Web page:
Many patients seeking medication vital to their arthritis treatment are held up by prior authorization, a process in which a physician must submit tedious paper work before writing a prescription. Find out what can be done to simplify this process.
- Typically, physicians must fill out a prior authorization form whenever they prescribe a specialty medication or treatment that is restricted or not covered under an insurance carrier’s formulary.
- Each insurance provider (insurer) uses its own unique form, and physicians may have to spend many hours familiarizing themselves with, and completing, dozens of forms of varying lengths and complexities.
- As a result, prior authorization typically causes lengthy delays in treatment, thereby restricting a person's access to vital care.
The Arthritis Foundation worked with the American Medical Association and other health care provider groups to establish twenty-one prior authorization principles, which include:
- Establish a single, standardized form for physicians to submit prior authorization requests.
- Establish electronic systems for the submission of prior authorization requests.
- Require prior authorization requests to be completed by insurers within 48 hours of submission or receive automatic approval.
- Once approved, permit authorizations to remain in place for up to 12 months for people with chronic conditions, such as rheumatoid arthritis (RA).
- If a prior authorization request is denied, the member must be given clear instructions on how to file an appeal, including the information required and deadlines.
- Provide a process for expedited appeals, especially for urgent care services.
- Health plans should offer providers/practices at least one physician-driven, clinically-based alternative to prior authorization, such as, but not limited to, “gold-card” or “preferred provider” programs or attestation of use of appropriate use criteria, clinical decision support systems or clinical pathways.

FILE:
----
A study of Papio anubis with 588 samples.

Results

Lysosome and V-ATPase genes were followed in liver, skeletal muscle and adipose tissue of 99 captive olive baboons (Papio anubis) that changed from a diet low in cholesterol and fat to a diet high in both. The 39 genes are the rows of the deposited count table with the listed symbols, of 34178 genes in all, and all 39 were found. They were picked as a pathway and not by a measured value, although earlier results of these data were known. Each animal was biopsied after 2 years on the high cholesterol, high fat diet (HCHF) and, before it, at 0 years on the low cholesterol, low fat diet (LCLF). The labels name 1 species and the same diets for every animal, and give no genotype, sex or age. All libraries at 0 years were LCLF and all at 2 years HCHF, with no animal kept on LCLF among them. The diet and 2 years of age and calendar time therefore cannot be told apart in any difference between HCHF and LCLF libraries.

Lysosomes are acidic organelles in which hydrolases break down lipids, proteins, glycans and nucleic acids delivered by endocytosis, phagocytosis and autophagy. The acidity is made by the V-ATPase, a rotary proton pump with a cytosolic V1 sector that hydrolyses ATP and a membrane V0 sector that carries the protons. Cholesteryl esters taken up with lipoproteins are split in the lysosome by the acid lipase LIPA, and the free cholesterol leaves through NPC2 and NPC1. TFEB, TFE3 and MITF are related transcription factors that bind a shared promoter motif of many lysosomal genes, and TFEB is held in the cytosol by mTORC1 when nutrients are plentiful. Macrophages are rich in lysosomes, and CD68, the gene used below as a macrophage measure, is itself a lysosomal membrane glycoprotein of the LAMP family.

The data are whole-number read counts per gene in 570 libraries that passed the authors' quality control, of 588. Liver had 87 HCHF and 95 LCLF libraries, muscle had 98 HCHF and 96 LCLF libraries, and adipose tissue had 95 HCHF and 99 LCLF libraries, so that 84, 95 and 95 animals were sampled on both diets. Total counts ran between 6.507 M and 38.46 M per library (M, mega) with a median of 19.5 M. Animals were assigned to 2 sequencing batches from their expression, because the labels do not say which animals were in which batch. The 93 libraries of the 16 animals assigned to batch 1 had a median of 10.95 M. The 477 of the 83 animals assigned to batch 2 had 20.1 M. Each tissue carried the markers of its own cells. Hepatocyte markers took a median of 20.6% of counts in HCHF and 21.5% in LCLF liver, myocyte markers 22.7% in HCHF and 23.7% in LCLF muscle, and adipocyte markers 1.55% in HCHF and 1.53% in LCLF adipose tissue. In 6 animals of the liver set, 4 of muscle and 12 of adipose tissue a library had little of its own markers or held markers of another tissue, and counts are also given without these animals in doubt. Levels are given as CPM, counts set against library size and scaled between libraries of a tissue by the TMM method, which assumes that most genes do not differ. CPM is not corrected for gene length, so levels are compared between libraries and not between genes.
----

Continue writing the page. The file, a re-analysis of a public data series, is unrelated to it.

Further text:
- Patients surveyed by the Arthritis Foundation in 2017 indicated that prior authorization was one of the top two most burdensome insurance issues.
- In 2018, six organizations representing health care providers and health plans released a consensus statement to find opportunities to improve prior authorization programs. This collaboration builds upon the 21 principles outlined above.
- According to a 2018 American Medical Association survey, which examined the experiences of 1,000 patient care physicians, nearly two-thirds (64 percent) report waiting at least one business day for prior authorization decisions from insurers – and nearly a third (30 percent) said they wait three business days or longer.
- More than nine in 10 physicians (92 percent) said that the prior authorization process delays patient access to necessary care; and nearly four in five physicians (78 percent) report that prior authorization can sometimes, often or always lead to patients abandoning a recommended course of treatment.
- A vast majority of physicians (86 percent) believe burdens associated with prior authorization have increased during the past five years.
- Twenty-nine states have passed legislation requiring prescription drug prior authorization standards, including sixteen with electronic prior authorization standards.
Share Your Story
Have you experienced this in your care journey?Share Today
Advocate for What's Right
As an Arthritis Advocate, you’ll feel good about taking action to make health care more accessible. Help shift the policy and public perception that affects those living with arthritis.